Copyright in Theses

Understand your rights as an author and when reusing the content of others


At Newcastle University, the copyright in all material submitted for a higher degree remains with the candidate. As a PhD student you retain the copyright over your thesis. This means that you are in control over which rights you retain and which rights you assign to others (for example, in repurposing a chapter to be published in a research journal).

You own the copyright over the original work in your thesis, but you may have included copyrighted materials from elsewhere (e.g. maps, tables, graphs, diagrams, photographs, images). You do not own the copyright over these materials, and thus do not have the right to copy, digitise or distribute them without securing the permissions of the copyright holder(s). These materials are protected by third party copyright. This is important to know if you wish to make your thesis available online or submit any part of it for publication. Library staff can provide further information or templates to request permissions, but the onus is on you to secure any necessary permissions.

An end-user licence is incorporated into Newcastle University’s e-theses service, setting out the rights and obligations of anyone accessing the e-theses.

Please note: Newcastle University retains the Intellectual Property Rights (IPR), including copyright, over any work you do for the University in the course of your research studentship (for example, in research project teams or collaboration with your supervisor). See the relevant University policies for further clarification.

Will making my thesis available online affect my aim of publishing from it at a later date?

PhD candidates looking to publish the research presented in their thesis as journal articles or as a monograph may feel that making their thesis available online will affect a publisher’s decision. To address any potential concerns, your thesis (print and electronic versions) will not be made available to other readers for six months after submission to the library. This is intended to give you time to rewrite material for publication in different formats. Access to the electronic version in the University eTheses repository can be restricted for a further period if more time is required.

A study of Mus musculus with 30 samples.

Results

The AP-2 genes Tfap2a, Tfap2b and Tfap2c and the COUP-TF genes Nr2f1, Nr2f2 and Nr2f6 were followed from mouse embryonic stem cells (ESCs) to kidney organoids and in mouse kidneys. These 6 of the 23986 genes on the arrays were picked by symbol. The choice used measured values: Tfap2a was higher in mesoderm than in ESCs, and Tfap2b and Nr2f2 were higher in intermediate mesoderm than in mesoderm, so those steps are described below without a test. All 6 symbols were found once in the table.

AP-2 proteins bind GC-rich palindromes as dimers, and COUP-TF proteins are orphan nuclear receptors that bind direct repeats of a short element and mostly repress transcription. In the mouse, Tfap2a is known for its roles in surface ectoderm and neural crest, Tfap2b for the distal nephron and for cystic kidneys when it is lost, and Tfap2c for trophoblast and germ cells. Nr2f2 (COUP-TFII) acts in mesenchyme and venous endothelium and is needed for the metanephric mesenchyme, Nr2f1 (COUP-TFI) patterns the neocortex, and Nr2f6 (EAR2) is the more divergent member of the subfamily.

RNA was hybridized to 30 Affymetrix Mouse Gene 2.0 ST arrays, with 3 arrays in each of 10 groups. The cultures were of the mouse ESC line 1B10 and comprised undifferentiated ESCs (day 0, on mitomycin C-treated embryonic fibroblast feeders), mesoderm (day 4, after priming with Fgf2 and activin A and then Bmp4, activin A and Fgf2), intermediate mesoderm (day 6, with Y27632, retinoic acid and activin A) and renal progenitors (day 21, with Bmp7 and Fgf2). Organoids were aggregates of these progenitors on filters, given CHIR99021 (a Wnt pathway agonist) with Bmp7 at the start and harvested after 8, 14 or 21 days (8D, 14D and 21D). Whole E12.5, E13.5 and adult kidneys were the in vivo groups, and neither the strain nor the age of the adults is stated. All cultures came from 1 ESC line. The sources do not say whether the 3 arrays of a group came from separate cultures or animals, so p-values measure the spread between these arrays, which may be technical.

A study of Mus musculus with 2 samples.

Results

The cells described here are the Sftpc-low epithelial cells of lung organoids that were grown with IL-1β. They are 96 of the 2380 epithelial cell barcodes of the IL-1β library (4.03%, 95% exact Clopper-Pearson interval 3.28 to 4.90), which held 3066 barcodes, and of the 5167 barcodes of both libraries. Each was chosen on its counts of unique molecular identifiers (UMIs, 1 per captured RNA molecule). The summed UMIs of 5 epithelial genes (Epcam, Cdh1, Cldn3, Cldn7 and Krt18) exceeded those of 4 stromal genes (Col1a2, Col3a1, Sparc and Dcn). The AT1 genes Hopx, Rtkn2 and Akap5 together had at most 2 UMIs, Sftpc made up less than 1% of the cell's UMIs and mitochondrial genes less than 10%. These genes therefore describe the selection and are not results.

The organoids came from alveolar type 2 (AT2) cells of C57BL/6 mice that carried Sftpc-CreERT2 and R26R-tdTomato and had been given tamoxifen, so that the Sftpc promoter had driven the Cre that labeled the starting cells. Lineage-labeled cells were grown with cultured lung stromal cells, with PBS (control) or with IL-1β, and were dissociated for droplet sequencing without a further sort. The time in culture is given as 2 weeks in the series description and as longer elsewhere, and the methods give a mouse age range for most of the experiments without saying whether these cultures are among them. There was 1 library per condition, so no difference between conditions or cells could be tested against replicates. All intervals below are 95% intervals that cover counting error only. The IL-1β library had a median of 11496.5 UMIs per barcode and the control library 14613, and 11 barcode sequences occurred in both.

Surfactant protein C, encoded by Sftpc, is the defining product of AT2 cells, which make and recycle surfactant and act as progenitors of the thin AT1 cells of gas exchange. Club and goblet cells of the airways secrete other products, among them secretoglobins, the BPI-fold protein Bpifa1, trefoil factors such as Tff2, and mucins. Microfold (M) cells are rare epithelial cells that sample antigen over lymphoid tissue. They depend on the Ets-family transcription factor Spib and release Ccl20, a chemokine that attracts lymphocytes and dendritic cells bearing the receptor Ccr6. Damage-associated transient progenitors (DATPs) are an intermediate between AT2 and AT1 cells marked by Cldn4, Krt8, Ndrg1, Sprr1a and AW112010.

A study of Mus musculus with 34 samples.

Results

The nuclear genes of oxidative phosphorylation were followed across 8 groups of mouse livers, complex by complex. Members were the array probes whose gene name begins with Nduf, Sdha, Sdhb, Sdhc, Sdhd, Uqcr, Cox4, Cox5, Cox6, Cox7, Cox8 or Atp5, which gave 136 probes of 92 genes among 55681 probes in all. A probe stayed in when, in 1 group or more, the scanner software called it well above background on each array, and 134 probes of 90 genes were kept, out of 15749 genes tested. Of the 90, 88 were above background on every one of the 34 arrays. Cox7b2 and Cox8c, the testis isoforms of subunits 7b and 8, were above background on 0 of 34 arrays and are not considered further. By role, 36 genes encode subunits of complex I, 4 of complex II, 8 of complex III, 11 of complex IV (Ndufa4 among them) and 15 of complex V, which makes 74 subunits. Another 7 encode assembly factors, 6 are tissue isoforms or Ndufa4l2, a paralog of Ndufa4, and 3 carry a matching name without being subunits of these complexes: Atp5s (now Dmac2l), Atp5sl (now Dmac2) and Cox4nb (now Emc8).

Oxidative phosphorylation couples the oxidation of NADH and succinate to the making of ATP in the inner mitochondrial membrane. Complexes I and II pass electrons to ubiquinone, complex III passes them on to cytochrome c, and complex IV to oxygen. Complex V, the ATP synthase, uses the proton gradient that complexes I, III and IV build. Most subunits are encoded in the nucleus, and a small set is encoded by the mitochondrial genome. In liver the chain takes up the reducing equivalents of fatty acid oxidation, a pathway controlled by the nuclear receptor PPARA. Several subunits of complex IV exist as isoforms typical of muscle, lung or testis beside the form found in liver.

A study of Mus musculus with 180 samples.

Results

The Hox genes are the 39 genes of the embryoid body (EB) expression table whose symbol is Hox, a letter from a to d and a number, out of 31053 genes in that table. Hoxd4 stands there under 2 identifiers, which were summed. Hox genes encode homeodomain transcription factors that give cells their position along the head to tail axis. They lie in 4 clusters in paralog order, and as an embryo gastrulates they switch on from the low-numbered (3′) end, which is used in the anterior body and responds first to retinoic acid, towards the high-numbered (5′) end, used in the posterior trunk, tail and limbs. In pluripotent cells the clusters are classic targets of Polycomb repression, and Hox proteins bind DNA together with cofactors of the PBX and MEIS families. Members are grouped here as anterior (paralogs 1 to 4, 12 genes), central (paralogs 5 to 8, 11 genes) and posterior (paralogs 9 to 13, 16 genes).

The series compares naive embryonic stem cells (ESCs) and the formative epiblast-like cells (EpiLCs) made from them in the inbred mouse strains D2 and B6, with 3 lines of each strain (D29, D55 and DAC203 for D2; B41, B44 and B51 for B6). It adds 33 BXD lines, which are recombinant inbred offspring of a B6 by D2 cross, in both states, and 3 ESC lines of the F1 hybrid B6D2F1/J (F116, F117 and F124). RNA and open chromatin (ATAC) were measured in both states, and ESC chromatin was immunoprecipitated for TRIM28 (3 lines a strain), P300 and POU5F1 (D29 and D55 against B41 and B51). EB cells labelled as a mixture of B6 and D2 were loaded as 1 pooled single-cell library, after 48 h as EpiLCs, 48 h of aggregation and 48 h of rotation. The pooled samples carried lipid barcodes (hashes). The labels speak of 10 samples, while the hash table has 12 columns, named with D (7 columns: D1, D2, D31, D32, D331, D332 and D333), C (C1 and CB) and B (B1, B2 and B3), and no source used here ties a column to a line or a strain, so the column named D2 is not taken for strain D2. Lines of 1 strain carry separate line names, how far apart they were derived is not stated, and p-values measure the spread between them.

However, many of the major publishers are members of the Committee on Publication Ethics (CoPE). Their guidance on best practice for issues around theses publishing states "Where a thesis (or a thesis chapter) contains otherwise unpublished work, such as the first description of an experiment or an original synthesis of an area of academic study it should NOT be considered prior publication. That is, it is acceptable for the work, or parts of the work, contained within the thesis to be submitted as a manuscript to a journal for publication or as a monograph to a publisher for publication."

Some publishers also have specific guidance on on this, for example ElsevierWiley and Sage. As the policies of publishers and journals vary, we recommend you check with your publisher beforehand. The Library can help with this by providing template letters and contact details for publishers.

Using your own publications in your thesis

When publishing, copyright is often transferred to the publisher via a copyright transfer agreement or assigned via an exclusive licence to publish. Therefore if you intend to include work that you have already published (e.g. journal articles) in your thesis you will need to ensure that you have the rights to do so.

Most publishers do permit this. For example, Elsevier state that "Authors can include their articles in full or in part in a thesis or dissertation for non-commercial purposes." However, we recommend that authors discuss this with their publisher directly when their publication is accepted.